If buying a year’s worth of groceries cost 20 times your annual income, what would you eat? You can’t rent food…
If you (or, more likely, a financial blog like Sober Look) made a graph of residential housing cost vs. average wage, it would look something like this.
And if you’re a very keen observer, you’ll also notice that 7 out of the top 10 most expensive cities for housing are in China. Beijing, Shanghai and Shenzhen take the fancy cake, with Beijing’s numbers reaching way, WAY ahead of even Shanghai.
The numbers mean that it would take an average Beijinger 22.3 years of earnings to pay off their mortgage.
Besides the surprising numerals, this graph also is representative of China’s larger problem — a possible large housing bubble that continues to grow with few signs of a slowdown.
In May, housing prices grew by 6.9 percent, according to Soufun Holdings. Another graph in the Sober Look article shows a startling comparison to U.S. and Spain housing crashes.
According to the graph, China is quickly approaching 12 percent of GDP spent on residential housing investment; the U.S. and Spain were at under 13 percent when their markets crashed.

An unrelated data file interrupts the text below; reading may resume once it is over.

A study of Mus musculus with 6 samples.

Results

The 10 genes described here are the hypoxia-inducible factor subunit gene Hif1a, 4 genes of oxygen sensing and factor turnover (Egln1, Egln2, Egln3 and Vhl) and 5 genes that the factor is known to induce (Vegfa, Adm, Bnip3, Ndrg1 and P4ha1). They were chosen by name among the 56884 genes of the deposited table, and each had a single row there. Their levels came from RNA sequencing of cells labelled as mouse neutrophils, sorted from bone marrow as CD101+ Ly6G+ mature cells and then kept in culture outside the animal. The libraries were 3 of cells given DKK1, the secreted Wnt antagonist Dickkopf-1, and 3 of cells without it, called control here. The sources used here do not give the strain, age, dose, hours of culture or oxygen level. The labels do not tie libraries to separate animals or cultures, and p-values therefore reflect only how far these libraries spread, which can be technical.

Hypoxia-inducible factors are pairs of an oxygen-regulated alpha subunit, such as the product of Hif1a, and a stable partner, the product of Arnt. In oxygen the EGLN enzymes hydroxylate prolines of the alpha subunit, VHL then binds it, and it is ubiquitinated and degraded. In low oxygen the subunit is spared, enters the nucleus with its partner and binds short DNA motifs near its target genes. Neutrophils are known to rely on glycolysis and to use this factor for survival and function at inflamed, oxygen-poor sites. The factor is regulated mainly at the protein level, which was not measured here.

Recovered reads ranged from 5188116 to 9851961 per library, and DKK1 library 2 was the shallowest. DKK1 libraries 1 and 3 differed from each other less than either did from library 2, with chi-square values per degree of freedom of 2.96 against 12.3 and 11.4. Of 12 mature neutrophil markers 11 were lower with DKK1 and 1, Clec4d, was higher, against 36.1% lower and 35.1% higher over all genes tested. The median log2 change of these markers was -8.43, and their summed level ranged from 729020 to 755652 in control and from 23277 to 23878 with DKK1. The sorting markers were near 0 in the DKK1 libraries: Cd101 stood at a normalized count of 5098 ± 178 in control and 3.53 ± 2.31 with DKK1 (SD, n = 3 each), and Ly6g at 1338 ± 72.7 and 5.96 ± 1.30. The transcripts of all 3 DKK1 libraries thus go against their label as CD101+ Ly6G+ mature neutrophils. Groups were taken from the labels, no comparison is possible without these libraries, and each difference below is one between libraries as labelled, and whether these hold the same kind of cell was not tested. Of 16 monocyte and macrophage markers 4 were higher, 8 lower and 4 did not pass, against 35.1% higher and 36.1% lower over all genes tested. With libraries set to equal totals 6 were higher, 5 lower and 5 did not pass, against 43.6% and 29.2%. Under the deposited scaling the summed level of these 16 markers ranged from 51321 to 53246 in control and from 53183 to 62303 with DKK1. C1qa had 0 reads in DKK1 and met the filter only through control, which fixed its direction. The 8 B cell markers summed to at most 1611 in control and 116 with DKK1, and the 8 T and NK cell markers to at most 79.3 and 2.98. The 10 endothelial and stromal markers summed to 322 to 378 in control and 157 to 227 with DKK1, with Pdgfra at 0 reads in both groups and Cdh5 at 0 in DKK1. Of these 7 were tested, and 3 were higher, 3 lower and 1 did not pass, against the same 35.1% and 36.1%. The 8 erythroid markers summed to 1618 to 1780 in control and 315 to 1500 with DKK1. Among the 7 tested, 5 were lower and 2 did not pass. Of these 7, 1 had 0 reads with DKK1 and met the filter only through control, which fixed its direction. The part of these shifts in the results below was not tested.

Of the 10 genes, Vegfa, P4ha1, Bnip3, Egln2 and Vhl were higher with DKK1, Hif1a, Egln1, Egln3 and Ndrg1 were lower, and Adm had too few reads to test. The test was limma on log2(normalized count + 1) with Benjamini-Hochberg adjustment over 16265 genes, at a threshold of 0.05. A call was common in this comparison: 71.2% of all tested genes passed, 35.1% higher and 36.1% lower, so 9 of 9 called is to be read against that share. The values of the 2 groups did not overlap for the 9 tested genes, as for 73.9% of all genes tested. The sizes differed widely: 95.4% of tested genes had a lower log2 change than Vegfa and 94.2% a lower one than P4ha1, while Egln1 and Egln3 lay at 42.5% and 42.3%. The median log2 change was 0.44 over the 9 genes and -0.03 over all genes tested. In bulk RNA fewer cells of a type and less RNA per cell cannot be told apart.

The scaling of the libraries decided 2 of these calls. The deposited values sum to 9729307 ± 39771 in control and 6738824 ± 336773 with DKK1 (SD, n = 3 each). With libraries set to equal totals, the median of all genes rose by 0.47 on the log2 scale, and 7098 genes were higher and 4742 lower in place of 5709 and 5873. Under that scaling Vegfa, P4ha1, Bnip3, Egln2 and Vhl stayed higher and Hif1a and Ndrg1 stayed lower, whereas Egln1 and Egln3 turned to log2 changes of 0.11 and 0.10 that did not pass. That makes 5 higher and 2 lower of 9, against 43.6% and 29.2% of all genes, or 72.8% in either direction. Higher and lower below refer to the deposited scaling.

One last piece of housing news came via Shanghai Daily on June 25: “New home sales in June may beat 1m.” The ‘m’ stands for million, as in one million square meters sold in a month… for the third time this year.
“The purchases of new homes, excluding government-funded affordable housing, jumped 48.4 percent from the previous week to 338,000 square meters during the seven-day period ended Sunday.”
As China Vanke chairman Wang Shi so infamously said when asked if there was a housing bubble on 60 Minutes, “Yes, of course. Very dangerous.”
For more in-depth information about China’s anomalous, complex housing situation, check out an excerpt from Landed China, by Christopher Dillon.